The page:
Digital tools and smart technologies are opening up incredible possibilities for building engineers; and making critical routine maintenance work less of a chore.
Last month, the city of Glasgow was left in despair after a second fire in four years ravaged its world-famous School of Art building. The Charles Rennie Mackintosh masterpiece was reduced to little more than a shell again before work on restoring the building after the previous fire was even complete.
Mackintosh building to be rebuilt
The debate about the School’s future resulted in a decision to completely demolish and start again. Naturally, the building’s many fans are horrified, but thanks to ever improving digital technology a total restoration can be achieved.
After the last fire in 2014, a team from the School set about creating a fantastically detailed digital model of the original building from drawings and photographs. As a result, a full digital record exists, which would allow restorers to completely revive Mackintosh’s original vision, even if the physical building disappears. The existence of this model means that every single detail can be reproduced.
This is an inspiring example of how the digital age is changing our built environment. Digital technology is already a fundamental part of how we live and go about our business, and it is now at the heart of some of the world’s most exciting building projects.
Digital and fire safety
Technology is also making life easier for building engineers on a more routine level. For example, fire safety is increasingly in the spotlight following the Grenfell Tower tragedy. This makes a strong case for harnessing digital tools so that building owners can carry out essential improvements more efficiently and effectively.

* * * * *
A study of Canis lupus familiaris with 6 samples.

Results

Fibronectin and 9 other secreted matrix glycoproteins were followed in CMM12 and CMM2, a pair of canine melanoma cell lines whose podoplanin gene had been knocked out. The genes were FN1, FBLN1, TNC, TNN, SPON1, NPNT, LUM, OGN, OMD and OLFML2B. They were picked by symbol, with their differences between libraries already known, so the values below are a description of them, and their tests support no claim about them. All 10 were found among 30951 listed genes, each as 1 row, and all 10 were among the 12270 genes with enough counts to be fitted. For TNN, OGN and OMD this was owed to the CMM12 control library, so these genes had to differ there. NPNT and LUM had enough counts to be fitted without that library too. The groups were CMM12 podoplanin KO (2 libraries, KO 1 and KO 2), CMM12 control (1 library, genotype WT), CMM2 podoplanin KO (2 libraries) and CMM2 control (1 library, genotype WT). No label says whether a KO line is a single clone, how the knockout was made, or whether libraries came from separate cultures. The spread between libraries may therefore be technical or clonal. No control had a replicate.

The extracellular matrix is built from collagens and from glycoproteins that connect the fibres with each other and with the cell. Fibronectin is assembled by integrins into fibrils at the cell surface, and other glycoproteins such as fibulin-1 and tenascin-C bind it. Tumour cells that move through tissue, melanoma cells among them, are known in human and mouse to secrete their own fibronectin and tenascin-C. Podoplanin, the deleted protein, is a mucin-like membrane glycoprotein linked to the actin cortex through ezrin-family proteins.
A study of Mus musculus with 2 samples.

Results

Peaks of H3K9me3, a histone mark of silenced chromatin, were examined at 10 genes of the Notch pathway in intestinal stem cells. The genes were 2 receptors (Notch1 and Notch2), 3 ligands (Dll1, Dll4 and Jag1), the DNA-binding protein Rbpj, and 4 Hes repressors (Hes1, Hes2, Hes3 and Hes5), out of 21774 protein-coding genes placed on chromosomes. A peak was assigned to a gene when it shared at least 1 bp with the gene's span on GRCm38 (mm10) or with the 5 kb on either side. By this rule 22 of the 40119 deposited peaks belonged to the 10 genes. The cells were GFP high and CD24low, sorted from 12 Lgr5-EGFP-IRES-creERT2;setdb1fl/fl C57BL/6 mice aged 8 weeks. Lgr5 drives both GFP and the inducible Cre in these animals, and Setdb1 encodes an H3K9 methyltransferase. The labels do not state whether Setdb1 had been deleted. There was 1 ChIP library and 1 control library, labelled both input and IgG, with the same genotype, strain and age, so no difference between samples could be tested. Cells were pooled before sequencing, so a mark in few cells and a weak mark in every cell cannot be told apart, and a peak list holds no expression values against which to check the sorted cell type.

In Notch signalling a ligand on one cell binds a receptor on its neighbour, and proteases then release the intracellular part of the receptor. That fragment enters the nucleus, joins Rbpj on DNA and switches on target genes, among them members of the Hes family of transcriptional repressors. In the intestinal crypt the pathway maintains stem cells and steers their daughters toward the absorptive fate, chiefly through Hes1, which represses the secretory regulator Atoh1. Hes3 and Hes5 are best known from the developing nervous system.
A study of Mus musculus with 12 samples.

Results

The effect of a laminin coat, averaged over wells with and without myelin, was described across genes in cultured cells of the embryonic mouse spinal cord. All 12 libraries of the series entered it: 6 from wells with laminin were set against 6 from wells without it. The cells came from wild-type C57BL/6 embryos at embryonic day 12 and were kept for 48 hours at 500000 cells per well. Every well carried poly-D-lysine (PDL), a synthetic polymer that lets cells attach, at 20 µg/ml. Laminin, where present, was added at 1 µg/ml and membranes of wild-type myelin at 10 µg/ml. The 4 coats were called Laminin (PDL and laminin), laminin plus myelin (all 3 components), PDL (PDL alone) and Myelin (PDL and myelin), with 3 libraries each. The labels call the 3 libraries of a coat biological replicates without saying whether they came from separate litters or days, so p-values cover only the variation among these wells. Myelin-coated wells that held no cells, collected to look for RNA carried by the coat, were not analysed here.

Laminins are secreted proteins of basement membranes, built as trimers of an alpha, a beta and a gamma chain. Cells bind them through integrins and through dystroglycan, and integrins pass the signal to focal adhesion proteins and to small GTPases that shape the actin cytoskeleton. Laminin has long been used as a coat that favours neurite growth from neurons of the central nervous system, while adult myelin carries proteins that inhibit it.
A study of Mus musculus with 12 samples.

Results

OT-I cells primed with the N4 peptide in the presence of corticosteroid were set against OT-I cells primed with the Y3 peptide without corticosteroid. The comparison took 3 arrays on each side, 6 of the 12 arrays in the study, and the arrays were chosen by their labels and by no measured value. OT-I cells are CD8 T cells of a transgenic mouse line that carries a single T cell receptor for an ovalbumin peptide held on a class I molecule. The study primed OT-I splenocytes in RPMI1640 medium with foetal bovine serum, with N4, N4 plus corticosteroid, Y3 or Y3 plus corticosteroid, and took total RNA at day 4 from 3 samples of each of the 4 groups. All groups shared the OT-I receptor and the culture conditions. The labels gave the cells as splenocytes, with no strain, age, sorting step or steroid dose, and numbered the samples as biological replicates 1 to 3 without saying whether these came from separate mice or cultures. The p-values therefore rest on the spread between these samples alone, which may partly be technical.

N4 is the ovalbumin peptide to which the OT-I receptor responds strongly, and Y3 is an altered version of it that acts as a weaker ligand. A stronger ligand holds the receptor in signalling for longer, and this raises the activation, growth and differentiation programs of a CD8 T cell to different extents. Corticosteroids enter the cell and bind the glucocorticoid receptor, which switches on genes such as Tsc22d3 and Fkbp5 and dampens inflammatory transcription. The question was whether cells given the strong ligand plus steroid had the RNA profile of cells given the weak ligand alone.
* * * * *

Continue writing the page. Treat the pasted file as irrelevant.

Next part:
Digital systems can be particularly useful in the area of fire safety servicing and maintenance where it is now possible to test every fire and smoke damper in a building without the need for ‘physical’ access to the ventilation system. Previously, this activity could be extremely disruptive because someone actually needed to get into the ductwork.
Damper control panels are the future
By upgrading the system so that damper testing can be automatically instigated by the BMS via a damper control system on a regular, pre-programmed basis the building manager can rest easier again knowing that this crucial work is being done, but with minimum upset to tenants.
Even finding dampers to see if they need servicing can be a tricky business – particularly in large and complex buildings like high-rise tower blocks and hospitals. With remote monitoring, each one can be mapped and tracked – and in multi-occupancy residential buildings, property owners can arrange for damper testing to be pre-programmed, which avoids the need to disrupt the lives of their tenants.
Simple reporting and maintenance
Subsequently, reports from the damper system can be monitored by the building’s BMS and on mobile dashboards with email notifications sent to the building manager wherever in the world they may be.
Control panels can be integrated into existing data networks and the client’s building management strategy, which is essential for both easing maintenance and reducing its cost. If additional expertise is required to analyse a fault, the manufacturer’s team can communicate directly with the BMS or control panel.
Short-term investment for long-term results
As well as making buildings safer, an initial investment in smart digital connectivity dramatically reduces lifetime ownership costs for the building owner particularly if it is used to support collaborative working from an early stage in the design process. At Swegon, we use the digital approach to facilitate a joined up process – in partnership with consultants and contractors – to ensure the system is designed and installed in a way that ensures optimum working throughout a building’s operating life.
The use of digital and smart systems also allows us to continue that collaboration well past the project’s handover into the service and maintenance functions that are so essential for the ongoing efficient operation of the building services.
So, whether you are totally rebuilding an iconic listed building or simply keeping occupants safe in a commercial office or residential tower block for the long-term, it will increasingly pay to do it digitally.